Sam Hamilton takes a look at the next episode in the much-loved Pixar franchise.
The fourth entry in Pixar’s flagship franchise starts and ends, like its predecessors, with Randy Newman’s score. It is nothing short of remarkable (and fitting) that Toy Story 4’s audio design meets every single beat with the appropriate note, whether gleeful, melancholic, poignant, or silent, to form an audiovisual whole that moves its audience wordlessly. Pixar’s recent track record displays a penchant for this kind of traditional moviegoing experience – Up, WALL-E, Finding Nemo, or the “When She Loved Me” sequence from Toy Story 2 place equal importance on sound and visuals. Toy Story 4 continues this trend.
In a similar tearjerking ilk to The Red Turtle (2016), Toy Story 4 makes for delightful entertainment, managing in ninety minutes to achieve an emotional depth far beyond that of other Disney products. It is no coincidence that the ‘original story by’ credit extends to eight names; we’re exposed to a finely tuned, endlessly multifaceted narrative that seems to deepen at every turn. Without venturing into the spoiler zone, this was always expected to be the concluding chapter of the Toy Story franchise and, providing it is, we fade out on a spectacular four-film dynasty that will surely set the family film benchmark for time to come. It is the end to the fable of loyal Sheriff Woody and his shepherdess-turned-Sarah-Connor amour Bo Peep, drawing the curtain on series icons like Buzz Lightyear, Rex, and Mister Potato Head. But the celebration of female characters Bo and villain Gabby Gabby forms Toy Story 4’s narrative heartbeat, effortlessly centering their ups, downs, and evolutions.
Once again, the story beings with a young child’s craving for a friend; in this case, a friend crafted by the hand of kindergarten-aged Bonnie with throwaway items. Brought to life in magnificent style by Tony Hale, the wacky character Forky is horrified by his own existence to the extent of believing he is not a toy, but trash. Forky’s addition to the gang turns out to be a literal fork in the road for Woody, a now sidelined character in Bonnie’s toy entourage replaced by the ever-cool Sheriff Jessie. Feeling overtaken – even emasculated – by his lack of purpose, Woody takes it upon himself to usher Forky into the realisation that everyone loves him deeply, a theme that continues to pervade the Toy Story extended metaphor. For a series that has always been ripe with intelligent imagery, Toy Story 4 unravels into a story so loaded with subtext that it could explode at any moment – not with complication, but with sheer compositional brilliance.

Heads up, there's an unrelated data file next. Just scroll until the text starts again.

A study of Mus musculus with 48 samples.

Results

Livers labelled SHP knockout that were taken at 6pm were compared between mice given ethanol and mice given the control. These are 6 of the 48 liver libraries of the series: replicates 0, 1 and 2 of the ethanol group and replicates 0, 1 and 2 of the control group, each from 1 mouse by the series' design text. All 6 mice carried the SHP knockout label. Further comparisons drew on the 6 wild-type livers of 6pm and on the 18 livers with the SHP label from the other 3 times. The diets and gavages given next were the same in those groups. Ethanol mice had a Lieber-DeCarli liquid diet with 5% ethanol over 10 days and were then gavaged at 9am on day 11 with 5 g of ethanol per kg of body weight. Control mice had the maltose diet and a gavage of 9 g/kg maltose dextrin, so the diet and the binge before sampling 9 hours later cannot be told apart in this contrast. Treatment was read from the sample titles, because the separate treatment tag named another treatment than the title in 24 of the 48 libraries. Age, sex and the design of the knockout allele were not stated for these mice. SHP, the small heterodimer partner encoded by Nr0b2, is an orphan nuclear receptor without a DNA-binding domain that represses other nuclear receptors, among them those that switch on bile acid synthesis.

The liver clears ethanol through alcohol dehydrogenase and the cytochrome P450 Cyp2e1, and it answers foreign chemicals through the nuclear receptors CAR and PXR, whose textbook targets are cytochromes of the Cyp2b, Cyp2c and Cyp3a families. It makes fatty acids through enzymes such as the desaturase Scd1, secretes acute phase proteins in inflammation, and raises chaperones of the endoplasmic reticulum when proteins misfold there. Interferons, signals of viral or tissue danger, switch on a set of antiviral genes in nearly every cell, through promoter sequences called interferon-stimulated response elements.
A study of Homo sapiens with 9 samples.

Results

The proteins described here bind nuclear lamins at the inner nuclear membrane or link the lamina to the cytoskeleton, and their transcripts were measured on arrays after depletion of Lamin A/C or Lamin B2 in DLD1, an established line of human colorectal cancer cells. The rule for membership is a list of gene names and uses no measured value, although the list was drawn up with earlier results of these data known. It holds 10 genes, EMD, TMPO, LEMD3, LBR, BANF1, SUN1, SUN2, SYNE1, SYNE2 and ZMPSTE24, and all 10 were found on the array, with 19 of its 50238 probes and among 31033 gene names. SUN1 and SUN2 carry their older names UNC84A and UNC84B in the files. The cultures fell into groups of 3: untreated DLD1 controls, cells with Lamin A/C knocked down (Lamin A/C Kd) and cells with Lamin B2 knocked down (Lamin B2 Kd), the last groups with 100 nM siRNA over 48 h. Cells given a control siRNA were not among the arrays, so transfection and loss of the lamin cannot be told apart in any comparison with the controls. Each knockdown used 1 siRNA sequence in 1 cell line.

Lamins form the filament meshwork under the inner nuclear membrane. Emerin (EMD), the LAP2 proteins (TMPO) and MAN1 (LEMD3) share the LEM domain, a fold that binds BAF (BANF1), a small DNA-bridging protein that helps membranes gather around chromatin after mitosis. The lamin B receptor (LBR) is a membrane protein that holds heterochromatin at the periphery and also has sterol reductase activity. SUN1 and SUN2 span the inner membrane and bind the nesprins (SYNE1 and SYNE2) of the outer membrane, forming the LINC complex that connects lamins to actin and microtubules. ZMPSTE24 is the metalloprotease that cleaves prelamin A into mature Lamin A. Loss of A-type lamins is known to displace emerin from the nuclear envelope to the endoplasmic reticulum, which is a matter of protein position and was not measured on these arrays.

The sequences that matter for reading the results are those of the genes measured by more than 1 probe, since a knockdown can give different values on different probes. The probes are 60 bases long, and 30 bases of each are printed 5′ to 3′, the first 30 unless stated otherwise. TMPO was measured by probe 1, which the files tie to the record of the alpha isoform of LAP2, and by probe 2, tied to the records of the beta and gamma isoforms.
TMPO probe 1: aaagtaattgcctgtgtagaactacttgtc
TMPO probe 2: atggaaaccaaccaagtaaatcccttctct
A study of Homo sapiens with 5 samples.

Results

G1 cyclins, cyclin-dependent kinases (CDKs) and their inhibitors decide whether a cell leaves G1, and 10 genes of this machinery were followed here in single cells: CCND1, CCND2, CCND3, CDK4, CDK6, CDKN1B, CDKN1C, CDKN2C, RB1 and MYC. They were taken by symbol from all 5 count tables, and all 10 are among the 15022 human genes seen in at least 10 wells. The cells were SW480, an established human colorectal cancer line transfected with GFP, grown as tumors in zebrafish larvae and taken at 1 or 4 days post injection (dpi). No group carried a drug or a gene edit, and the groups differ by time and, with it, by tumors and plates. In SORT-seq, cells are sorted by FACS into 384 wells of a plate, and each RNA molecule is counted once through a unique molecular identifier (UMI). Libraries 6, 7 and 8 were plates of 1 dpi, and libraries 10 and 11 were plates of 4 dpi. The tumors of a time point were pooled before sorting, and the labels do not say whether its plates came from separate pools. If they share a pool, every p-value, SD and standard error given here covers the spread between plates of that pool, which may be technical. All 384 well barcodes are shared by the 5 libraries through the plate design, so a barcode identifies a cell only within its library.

However, all this talk of imagery and endings treads over the irresistible charm of the script. Negotiating an ever-growing cast of stuffed, porcelain, and human characters is a task writers Stephany Folsom and Andrew Stanton approach with ease, peppering a clockwork-like structure with countless laughs. Pitch-perfect roles for comedy duo Keegan Michael Key and Jordan Peele ignite the second act with humor before a beautifully ironic Keanu Reeves cameo steals an entire scene later on. But Toy Story 4’s euphoric highs are often punctuated by ripples of concern, fear, and/or genuine sadness that weave into one other to create a realism that exceeds previous entries. These twists and turns of sentiment occur within individual scenes but never seem conflicted. Altogether, they make the runtime sweep by in a flurry of giggling joy and profound emotion.
So if you want heartwarming, you got it. If you want references to pop culture, Pixar films, and cinema history at large, you got that too. But as for the technical stuff? Simply put, the old cat is back. John Lasseter’s first entry, back in 1995, revolutionised mainstream animation by input of computer processing. It feels entirely appropriate that Toy Story 4 should once again make Pixar the poster boy for animation everywhere. Inside Out (2015) director Josh Cooley and cinematographers Justin Lin and Jean-Claude Kalache are all over this thing, and they want you to know it. From the very first shot of a worn-tarmacked Elm Street (the one where Andy lives, not Freddy Krueger) to the outstandingly picturesque finale, this is a visual tour de force to be watched, savoured, and watched again.
By the time the sun sets on Toy Story and the lights rise in the theatre, it becomes clear that the hesitant few who suspected this fourth entry to be an unnecessary extension to a perfect trilogy, it is a happy loss. This is the ending we never knew we needed – an instant Disney classic.